As stated in my last post, there are three common approaches to performing Tolerance Analysis. Let us describe the simplest of the three, the Worst Case Analysis (WCA) approach. An engineering-centric term in the Tolerance Analysis world would be Tolerance Stacks, usually meaning in a one-dimensional sense. The explanation begins with probably the most overworked example found in dusty tomes (my apologies in advance).
(I would like acknowledge James Ministrelli, DFSS Master Black Belt and GD&T Guru Extraordinaire, for his help & advice in these posts. Thanks, Jim!)
Examine Figure 2-1. There are four parts in this assembly. There is one part with a squared-off, U-shaped cavity in the middle. In that cavity will sit three blocks of the same width (at least they are designed that way). Those blocks were designed to fit side-by-side in contact with each other and within the cavity of the larger part. The intent is that they will "stack up" against the side of the cavity, thus leaving a designed gap on the other side. This designed gap has functional requirements (being part of a greater assembly) and, for proper operation, the gap size must be such-and-such-a-value with an allowable variation of such-and-such-a-value.
How would the designer determine what variation can be allowed on the widths (blocks and cavity) to ensure the gap variation meets the requirements? In WCA, a one-dimensional stack analysis would look at the extreme values allowed on the individual dimensions that would then "stack up" to be either the smallest possible gap or the largest possible gap. If those WCA values are within the desired system gap limits, then we are good to go. If not, what normally follows is a series of "what-ifs" where the individual tolerance values, perhaps even the nominal values they are controlling, are tinkered with until a winning combination is discovered that places the WCA values within the gap dimension requirements.
The biggest gap possible occurs when each of the individual block widths are at their smallest possible value and the width of the cavity is at its largest. For the block and cavity widths, this would correspond to the Least Material Condition. (LMC: The condition in which a feature of size contains the least amount of material everywhere within the stated limits of size.) All external features like widths are at their largest limit and all internal features like holes diameters are at their smallest limit under LMC.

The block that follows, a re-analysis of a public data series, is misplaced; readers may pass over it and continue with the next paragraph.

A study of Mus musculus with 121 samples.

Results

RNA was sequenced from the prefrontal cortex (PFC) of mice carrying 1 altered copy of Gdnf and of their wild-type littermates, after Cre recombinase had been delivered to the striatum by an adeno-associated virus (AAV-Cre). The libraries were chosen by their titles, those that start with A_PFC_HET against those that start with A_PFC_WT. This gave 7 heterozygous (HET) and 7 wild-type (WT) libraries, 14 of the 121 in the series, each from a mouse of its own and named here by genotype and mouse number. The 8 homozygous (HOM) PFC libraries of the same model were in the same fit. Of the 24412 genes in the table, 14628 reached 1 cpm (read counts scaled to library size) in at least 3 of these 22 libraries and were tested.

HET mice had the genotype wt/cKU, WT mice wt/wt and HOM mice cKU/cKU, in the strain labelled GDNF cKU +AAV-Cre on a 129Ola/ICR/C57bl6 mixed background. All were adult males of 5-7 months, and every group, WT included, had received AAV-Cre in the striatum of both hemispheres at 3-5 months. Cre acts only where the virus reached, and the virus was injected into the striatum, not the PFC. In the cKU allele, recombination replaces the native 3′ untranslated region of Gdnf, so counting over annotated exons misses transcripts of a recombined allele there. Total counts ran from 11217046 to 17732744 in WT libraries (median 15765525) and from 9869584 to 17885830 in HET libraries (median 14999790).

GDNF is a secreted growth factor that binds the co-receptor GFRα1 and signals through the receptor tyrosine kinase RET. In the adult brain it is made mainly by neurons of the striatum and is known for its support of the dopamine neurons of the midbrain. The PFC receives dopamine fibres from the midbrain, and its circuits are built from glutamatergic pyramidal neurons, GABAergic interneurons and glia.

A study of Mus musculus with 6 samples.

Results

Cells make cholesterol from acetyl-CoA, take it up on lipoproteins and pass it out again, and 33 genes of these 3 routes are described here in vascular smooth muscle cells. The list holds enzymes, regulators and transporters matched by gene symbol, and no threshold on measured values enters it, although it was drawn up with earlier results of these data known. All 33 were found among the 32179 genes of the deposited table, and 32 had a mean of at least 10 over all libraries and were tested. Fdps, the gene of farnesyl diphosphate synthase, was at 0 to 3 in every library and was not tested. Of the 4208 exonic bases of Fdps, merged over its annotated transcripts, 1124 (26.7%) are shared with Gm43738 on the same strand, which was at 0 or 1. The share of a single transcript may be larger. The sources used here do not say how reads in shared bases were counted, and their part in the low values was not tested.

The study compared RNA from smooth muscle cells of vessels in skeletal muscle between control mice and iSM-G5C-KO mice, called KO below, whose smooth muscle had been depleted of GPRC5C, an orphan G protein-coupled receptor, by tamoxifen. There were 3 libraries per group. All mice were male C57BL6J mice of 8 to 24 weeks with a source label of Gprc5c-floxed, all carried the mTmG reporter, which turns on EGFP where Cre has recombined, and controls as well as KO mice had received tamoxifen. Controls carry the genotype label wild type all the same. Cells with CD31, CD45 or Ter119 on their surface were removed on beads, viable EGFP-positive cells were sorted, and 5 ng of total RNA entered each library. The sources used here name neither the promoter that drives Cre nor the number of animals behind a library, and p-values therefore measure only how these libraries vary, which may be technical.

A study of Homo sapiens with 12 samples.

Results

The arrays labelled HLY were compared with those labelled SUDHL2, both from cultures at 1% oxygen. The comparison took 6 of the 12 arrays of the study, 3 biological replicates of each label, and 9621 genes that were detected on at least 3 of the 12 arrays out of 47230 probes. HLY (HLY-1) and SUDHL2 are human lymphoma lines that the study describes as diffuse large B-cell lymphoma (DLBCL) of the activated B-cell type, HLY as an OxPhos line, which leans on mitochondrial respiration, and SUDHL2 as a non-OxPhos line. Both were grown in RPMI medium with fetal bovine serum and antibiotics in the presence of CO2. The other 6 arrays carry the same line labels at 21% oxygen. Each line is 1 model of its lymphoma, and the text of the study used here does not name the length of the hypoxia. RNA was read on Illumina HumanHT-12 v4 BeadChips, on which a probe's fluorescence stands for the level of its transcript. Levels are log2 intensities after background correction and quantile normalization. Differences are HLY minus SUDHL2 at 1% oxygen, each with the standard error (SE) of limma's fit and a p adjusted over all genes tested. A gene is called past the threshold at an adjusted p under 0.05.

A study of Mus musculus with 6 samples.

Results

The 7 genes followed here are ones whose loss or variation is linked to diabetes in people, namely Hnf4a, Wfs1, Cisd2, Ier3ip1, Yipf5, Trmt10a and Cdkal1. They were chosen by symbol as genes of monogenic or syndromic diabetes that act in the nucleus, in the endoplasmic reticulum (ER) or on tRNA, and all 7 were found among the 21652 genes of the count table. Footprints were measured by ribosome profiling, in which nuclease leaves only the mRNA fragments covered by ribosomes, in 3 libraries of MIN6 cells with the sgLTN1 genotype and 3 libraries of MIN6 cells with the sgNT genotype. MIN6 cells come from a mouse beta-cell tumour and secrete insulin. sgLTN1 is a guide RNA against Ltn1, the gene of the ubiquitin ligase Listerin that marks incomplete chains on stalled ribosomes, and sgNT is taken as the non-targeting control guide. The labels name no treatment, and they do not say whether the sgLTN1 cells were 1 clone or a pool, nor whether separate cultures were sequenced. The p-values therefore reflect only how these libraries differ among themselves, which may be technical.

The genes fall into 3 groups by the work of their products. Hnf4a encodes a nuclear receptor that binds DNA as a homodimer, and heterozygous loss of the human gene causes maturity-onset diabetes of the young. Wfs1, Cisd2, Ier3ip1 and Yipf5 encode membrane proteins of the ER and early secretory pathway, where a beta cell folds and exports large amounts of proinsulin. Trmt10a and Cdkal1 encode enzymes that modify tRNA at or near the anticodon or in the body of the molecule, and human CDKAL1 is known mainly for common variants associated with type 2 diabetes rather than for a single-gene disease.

The smallest gap possible occurs when these same dimensions are at the opposite limits for Maximum Material Condition (MMC). LMC and MMC are important conditions when calculating dimensional WCA values. Below is a summary of the LMC and MMC dimension calculations and the resulting WCA values for the gap:
The process of tinkering with individual part tolerances, based on what the system variation goal is, termed Tolerance Allocation. (Another appropriate term is "Roll-Down" analysis, in that variance rolls down from system output and assigns allowable variation into the inputs.) There is an overall amount of variation allowed at the system level requirement (the gap) which is split into contributors at the individual part dimensions. Think of the overall variation as a pie that must be split into edible slices. Each slice then represents a portion of the pie that is allocated to each individual dimension so that the overall system level value variation is maintained within allowable limits.
In my next post, I will expound more on the Worst Case Analysis approach and introduce the concept of a transfer function. We will use transfer functions to calculate WCA extreme values, as well as for the other approaches still on the radar.
Creveling, Clyde M., Tolerance Design: A Handbook for Developing Optimal Specifications (1997); Addison Wesley Longman, pp. 105-111.
Sleeper, Andrew D., Design for Six Sigma Statistics (2006); McGraw-Hill, pp. 690-692, 704-707.